One of the design requirements for new construction in Laurel Park’s zone district – RSM-9 was not adhered to during the site development for the new homes on Devonshire, Alderman and Rawls streets. Each lot was mounded up with fill to provide a “platform” to build a home on without the necessity to elevate construction.
The developer had crews on site removing the tons of fill that was trucked in only a month ago.
Already the land is looking more like the city blocks they started with. New homes built here will have to comply with all of the design standards adopted by the city for the RSM-9 zone district.
It is sad that so much money and energy was wasted on this.
The RSM-9 zone district and design standards were adopted decades ago for Laurel Park, well before a portion of the district became a National Register of Historic Places District and without consideration for the area of Laurel Park located in a flood zone or the varying size of the rights-of-ways that exist throughout the neighborhood. As a result, the standards for redevelopment in Laurel Park have not always produced the results they were intended to accomplish.
Redevelopment on properties within the flood zone are required to meet the FEMA regulations ( The Federal Emergency Management Agency of the Federal government) as well as the RSM-9 design standards.
For some properties this means building the first floor as high as 6 to 7 feet off the ground. This can and has become awkward for maintaining a comfortable scale and balance in a district that is made up primarily of bungalows and cottages that are rarely higher off the ground than 18 inches.
RSM-9’s front yard setbacks can also be challenging for new construction in the flood zone. Steep front steps are difficult to avoid constructing especially on properties that have no right-of-way extending beyond the curb and are required to build within 20 feet of the property line.
For the development of the homes on Devonshire within the flood zone, tons of fill has been trucked in creating a subdivision in the middle of Laurel Park’s traditional downtown city blocks. The finished grade of the land is well above the surrounding neighborhood – an apparent disregard of the RSM-9 design standard “f.”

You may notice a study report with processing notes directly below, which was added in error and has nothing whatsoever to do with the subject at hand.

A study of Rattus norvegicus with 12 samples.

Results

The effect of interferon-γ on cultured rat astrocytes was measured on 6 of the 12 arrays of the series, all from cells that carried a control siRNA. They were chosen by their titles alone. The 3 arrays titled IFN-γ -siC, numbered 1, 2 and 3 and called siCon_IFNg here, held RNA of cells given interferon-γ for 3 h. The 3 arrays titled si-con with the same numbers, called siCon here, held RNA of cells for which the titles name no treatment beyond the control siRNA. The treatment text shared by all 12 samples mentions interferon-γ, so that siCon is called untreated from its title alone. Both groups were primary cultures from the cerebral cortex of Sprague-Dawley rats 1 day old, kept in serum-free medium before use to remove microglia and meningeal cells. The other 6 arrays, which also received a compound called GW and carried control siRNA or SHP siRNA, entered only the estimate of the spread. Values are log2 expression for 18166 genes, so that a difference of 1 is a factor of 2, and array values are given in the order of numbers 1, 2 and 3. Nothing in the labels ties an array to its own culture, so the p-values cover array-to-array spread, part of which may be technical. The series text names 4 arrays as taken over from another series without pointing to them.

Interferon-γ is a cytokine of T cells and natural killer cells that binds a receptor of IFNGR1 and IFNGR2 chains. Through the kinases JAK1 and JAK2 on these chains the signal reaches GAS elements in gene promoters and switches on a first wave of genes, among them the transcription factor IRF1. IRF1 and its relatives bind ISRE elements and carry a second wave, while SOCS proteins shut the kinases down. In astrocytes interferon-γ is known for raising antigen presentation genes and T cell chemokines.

In recent years the design standard for front porches has had to be rewritten to correct a wide interpretation of this standard after some new homes were built with porches facing side yards rather than the desired front porch.
Over the past decade planners and urban designers have designed far more effective tools to help build better, more comfortable, sustainable neighborhoods. Form-base codes is one of these successful tools that has been applied throughout our country in some of the most desired cities, towns and neighborhoods. Form-based codes are more flexible and adapt to the specific characteristics of each individual district, neighborhood and block so that all land issues are taken into account as well as the architectural fabric and relationship to the street.
The RSM-9 zone district design standards do not adequately fit the nature of all of the district. Laurel Park and all of Sarasota deserve codes that do the very best to sustain our city’s unique built environment.
Read more about the City of Sarasota’s existing zoning code for RSM-9 and the 6 design standards below ……………..
As with all residential zone districts the intent of the City’s zoning code is:
“To create, maintain and promote the development and redevelopment of these neighborhoods while preserving their existing residential character. The regulations promote desirable residential areas by addressing aesthetically pleasing environments, safety, privacy, and recreational opportunities. The site development standards allow flexibility of development while maintaining compatibility within the City’s various neighborhoods. In addition, the regulations provide clarity to property owners, developers, and neighbors about the limits of what is allowed.”
The area of downtown Sarasota known as Laurel Park* is zoned RSM-9 (Residential Single Multiple 9 units per acre.) The zoning category is unique to Laurel Park and includes six design standards that must be adhered to when building in the zone district.